England’s 11-run win over India could prove to be the match that wins them the World Cup.
It was a group-stage meeting that felt like a semi-final, such was the significance of what was at stake – to top the group and most likely avoid defending champions Australia in the next round.
Barring South Africa’s shock defeat by Sri Lanka in the opening game, most of the competition has gone to plan, with very few shocks or tight finishes or evenly matched sides battling it out for glory.
So at St George’s Park in Gqeberha, formerly Port Elizabeth, the two heavyweights of the group came together in a mouth-watering contest that England edged, aided by Nat Sciver-Brunt’s brilliant half-century with the bat and in spite of Renuka Thakur’s phenomenal 5-15.
India came into the game brimming with confidence from a headline-grabbing Women’s Premier League auction in which all their players were signed, and having completed the tournament’s highest run-chase so far in their opening win against Pakistan.
For England, it felt different. They also had two wins from two but they were comfortable, untested against West Indies and Ireland.
So while their performance against India was not perfect, they will be delighted to have overcome a top-class opposition, especially after recovering from 29-3 and withstanding the class of the world’s most expensive batter, Smriti Mandhana.
‘We are building nicely’
While it may not have technically been a knockout contest, captain Heather Knight was quick to acknowledge the result’s importance in the bigger picture of England’s campaign.
“It’s a real confidence-booster,” Knight said. “We haven’t really played against a really big team recently and to perform like that against a really good India side makes us confident.
“It feels like we are building nicely.”
Knight’s contribution with the bat was also crucial, leading England’s recovery from Thakur’s potentially destructive opening burst in a half-century stand with Nat Sciver-Brunt.
England promised an attacking approach in all of their pre-tournament discussions, and they delivered it. Even when on the back foot, England’s batters reverse-swept and ramped, they sought boundaries and bravely ran tight singles.
“We talk a lot about trying to fit our mindset to the conditions and my partnership with Nat did that,” said Knight. “It was a really key partnership and it is really nice to have that depth in our batting line-up.”
‘England are capable of beating Australia’
The win was an all-round effort, as England were boosted late by Amy Jones’ 40 from 27 balls to propel them past 150, before Sarah Glenn and Sophie Ecclestone, who took a combined 3-41 from eight overs, tied down India’s batters with their spin, which has been vital in the team’s success so far.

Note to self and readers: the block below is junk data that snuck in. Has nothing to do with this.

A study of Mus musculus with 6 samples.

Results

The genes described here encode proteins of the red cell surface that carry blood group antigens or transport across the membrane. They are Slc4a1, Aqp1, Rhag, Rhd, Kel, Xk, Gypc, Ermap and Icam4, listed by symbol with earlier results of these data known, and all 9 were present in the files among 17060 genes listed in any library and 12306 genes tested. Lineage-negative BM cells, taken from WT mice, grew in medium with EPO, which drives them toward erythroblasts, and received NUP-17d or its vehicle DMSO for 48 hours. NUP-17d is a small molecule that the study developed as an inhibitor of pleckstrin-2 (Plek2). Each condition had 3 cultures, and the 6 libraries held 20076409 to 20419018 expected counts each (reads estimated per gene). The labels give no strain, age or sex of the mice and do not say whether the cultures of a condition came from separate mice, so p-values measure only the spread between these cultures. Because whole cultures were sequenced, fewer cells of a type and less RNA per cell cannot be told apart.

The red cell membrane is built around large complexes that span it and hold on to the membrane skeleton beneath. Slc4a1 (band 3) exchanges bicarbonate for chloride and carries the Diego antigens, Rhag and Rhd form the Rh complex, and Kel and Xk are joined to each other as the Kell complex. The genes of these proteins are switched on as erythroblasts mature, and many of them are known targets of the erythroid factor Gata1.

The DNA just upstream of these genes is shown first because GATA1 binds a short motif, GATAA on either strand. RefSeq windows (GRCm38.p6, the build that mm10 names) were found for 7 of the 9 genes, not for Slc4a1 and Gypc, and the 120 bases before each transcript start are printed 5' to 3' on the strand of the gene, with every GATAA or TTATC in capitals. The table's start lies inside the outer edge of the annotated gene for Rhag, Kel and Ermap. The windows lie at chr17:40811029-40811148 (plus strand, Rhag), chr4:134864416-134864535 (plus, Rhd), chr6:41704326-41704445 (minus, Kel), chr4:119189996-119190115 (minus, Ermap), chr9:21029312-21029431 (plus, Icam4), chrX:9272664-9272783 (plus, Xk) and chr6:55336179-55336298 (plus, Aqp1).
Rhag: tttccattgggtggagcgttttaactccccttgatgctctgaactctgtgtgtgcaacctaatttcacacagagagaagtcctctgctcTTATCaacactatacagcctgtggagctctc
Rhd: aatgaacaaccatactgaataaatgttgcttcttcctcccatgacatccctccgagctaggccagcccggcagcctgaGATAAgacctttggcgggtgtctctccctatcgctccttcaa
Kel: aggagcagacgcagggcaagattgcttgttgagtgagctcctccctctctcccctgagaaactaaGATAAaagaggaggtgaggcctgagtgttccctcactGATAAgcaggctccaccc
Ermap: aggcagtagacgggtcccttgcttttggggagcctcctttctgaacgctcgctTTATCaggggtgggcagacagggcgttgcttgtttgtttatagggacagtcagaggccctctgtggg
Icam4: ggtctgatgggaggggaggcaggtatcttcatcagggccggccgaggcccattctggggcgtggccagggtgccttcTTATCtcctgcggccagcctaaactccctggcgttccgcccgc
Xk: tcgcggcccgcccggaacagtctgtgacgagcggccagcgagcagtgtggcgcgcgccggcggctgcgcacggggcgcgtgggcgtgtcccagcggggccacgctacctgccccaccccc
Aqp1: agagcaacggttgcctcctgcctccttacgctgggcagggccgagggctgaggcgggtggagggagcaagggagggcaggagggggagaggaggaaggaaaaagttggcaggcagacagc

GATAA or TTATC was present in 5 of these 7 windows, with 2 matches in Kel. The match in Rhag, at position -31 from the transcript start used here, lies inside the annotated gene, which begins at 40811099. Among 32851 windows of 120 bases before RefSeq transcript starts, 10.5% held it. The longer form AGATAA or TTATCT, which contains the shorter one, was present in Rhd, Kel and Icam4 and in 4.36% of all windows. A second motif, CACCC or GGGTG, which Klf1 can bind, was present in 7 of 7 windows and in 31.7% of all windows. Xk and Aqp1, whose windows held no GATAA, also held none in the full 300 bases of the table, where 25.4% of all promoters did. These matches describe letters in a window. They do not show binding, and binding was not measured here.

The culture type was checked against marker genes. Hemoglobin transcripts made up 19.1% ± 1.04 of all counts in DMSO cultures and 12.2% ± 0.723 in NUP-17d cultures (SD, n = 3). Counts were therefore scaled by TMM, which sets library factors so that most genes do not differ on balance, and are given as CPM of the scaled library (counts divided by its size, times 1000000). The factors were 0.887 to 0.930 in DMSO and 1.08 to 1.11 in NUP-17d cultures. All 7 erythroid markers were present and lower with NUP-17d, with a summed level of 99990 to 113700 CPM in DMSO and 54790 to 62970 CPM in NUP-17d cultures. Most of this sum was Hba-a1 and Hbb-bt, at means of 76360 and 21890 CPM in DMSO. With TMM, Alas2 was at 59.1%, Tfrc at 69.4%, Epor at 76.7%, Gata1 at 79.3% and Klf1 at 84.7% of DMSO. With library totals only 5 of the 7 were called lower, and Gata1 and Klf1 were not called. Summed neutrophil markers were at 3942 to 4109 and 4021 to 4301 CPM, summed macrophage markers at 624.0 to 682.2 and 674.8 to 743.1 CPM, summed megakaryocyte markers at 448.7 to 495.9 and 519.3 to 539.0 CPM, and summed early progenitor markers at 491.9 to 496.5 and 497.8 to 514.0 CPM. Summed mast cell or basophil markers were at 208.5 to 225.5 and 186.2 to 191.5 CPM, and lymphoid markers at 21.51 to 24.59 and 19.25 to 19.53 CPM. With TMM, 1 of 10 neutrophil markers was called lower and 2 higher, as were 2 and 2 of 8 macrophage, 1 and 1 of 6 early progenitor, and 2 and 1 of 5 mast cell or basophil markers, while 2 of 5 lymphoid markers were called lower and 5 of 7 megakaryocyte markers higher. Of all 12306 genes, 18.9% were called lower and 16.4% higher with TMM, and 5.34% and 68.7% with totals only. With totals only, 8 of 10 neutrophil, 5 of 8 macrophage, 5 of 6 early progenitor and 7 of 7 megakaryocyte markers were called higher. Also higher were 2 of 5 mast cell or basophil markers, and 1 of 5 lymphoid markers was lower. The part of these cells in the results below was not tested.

“England have not played their best cricket yet in this competition, they’ve not put the bat, ball and field all together and played the perfect game of cricket,” said former England spinner Alex Hartley on BBC Test Match Special.
“But it’s not about that, it’s about peaking at the right time, it’s about winning crucial moments. They’re winning key moments that in the past they’ve lost, that in the past they would have thrown away.
“They’re showing positive signs and I genuinely feel they are capable of beating Australia.”
Is Katherine Sciver-Brunt’s form a problem?
England were eventually rewarded for their aggressive approach with the bat, though they were at times faced with a similar approach from India’s batters, and will need to be prepared for others – mainly Australia – to do the same.
Mandhana played beautifully, combining her trademark elegance with explosive power, smashing three fours from Katherine Sciver-Brunt’s wayward second over and confidently taking on off-spinner Charlie Dean down the ground.
The opener was crucially dismissed by Glenn in the 16th over when 47 runs were needed, but England were then faced with 19-year-old Richa Ghosh’s brutal hitting, whose unbeaten 47 got India closer than they probably should have.
Katherine Sciver-Brunt finished with 0-39 from three overs and leaked runs at the start before struggling for rhythm in the final over, when she was defending 31 – what should have been a formidable task for India.
Instead, she bowled a waist-high no-ball that went for four, followed by another four and a six, to give India a glimmer of hope before successfully closing out the win.
England have other seam options in Freya Davies and Kate Cross, but Hartley says the decision is not that simple.
“It is really hard to ask the question because she’s been so good for England for a number of years but in the two most recent World Cups she hasn’t performed as well as she should have liked, but away from World Cups she has bowled really nicely.
“It is really hard to drop someone like her because she has such an amazing record. England could rest her for Pakistan, knowing you have the semi-final, and play someone else, but I would keep it the same and back her.
“She has already said this is her last World Cup – there is no place for sentimentality in sport, but do England have the minerals? They might not think that is the right way to go either.”
Ecclestone, who took a miserly 1-14, also reinforced her support for the veteran fast bowler.
“Bowling the last over was just good to give her confidence as one of our go-to death bowlers,” said the world’s number one-ranked bowler.
“If we get towards the semi-finals and finals it’s great for her to practise her death plans and it didn’t work out the way she wanted to today, but she’ll just save it for the semi-finals and finals hopefully.”
With England next facing Pakistan, who are a much-improved outfit but unlikely to challenge Knight’s side, they are in prime position to go in to the semi-finals against weaker opposition, and unbeaten in the group stages.
They are not there yet – but the route to the final is set up favourably.
Whenever it is time to face Australia, England will be ready.